Comparing Data Architects to Data Modelers
Data architects and data modelers both work with companies and clients to make sense of the operational and processing data they collect, but the former determine what information to collect, while the latter focus on how to organize the data. Readers will learn more about the duties of these professionals and their yearly earnings, as well as their similar job growth predictions and education requirements.
|Job Title||Educational Requirements||Median Salary (2017)*||Job Growth (2016-2026)**|
|Data Architects||Bachelor's Degree||$112,543||9% (Computer Occupations, All Other)|
|Data Modelers||Bachelor's Degree||$81,177||9% (Computer Occupations, All Other)|
Sources: *Payscale, **U.S. Bureau of Labor Statistics
Responsibilities of Data Architects vs. Data Modelers
Both data architects and data modelers deal with company data, including customer information and shipping details. They also assist in translating this data and turning it into something a company can use to make key strategic decisions. Data architects decide how to build a database and what information will be collected. Data modelers, however, will make the physical data interface, including the columns and fields in tables.
To design and construct databases for organizations, data architects review any current data architecture already in place. They use industry requirements for data collection to improve upon the architecture, making it more efficient and comprehensive. Charged with setting company standards for collection and interpretation, these architects design the database structure, including how the data will move between departments. It is crucial that the sensitive information is kept safe, meaning these professionals should include security measures and determine accessibility. By onboarding users, data architects decide what staff members and business partners will use the data and for what purpose.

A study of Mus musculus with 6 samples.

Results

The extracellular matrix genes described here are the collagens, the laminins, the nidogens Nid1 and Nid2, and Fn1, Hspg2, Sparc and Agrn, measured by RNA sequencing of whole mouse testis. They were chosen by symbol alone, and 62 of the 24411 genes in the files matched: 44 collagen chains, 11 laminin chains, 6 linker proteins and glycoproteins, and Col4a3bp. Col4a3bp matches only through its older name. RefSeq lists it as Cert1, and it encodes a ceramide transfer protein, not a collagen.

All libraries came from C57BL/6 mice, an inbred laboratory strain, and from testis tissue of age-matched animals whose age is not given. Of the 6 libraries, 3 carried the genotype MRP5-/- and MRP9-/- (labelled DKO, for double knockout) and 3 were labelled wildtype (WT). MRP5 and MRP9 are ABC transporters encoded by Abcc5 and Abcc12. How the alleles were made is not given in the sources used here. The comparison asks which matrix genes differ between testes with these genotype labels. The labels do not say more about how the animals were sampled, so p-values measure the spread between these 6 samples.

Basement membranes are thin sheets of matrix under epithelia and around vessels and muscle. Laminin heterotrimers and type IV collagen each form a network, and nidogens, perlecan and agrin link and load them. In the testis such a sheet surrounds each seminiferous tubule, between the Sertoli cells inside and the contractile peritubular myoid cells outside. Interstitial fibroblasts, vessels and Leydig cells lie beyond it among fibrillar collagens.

Job responsibilities of a data architect include:
- Developing the system to enable growth as the company expands and increases its need for data organization
- Designing a system for data backup in case of system failure
- Creating a diagram to show employees how data will flow
- Keeping the data interface the same across all applications
As they create conceptual, logical, or physical models of data sets, data modelers reverse engineer databases to identify parts of the data. This helps them determine standard labels and notations to use across the organization's departments as the data is collected. These computer professionals also look for patterns within the conceptual data models in order to build associations and relationships between data elements to help users make sense of the information as they read the physical data model. Additionally, they ensure the data is not repeated or unnecessary, which makes interpreting the important data simpler.
Job responsibilities of a data modeler include:
- Understanding the data requirements of a client, including what data is useful to them
- Testing designs to ensure they are comprehensive and easy to navigate
- Defining the attributes of the data elements, including where they came from and what they mean
- Becoming familiar with new trends and standards within data modeling
Data architects and system architects design ways for businesses to share information internally, so those interested in the former may want to also consider the latter. Similarly, data modelers and database administrators both deal with a company's data storage, so these are also comparable options for a future career.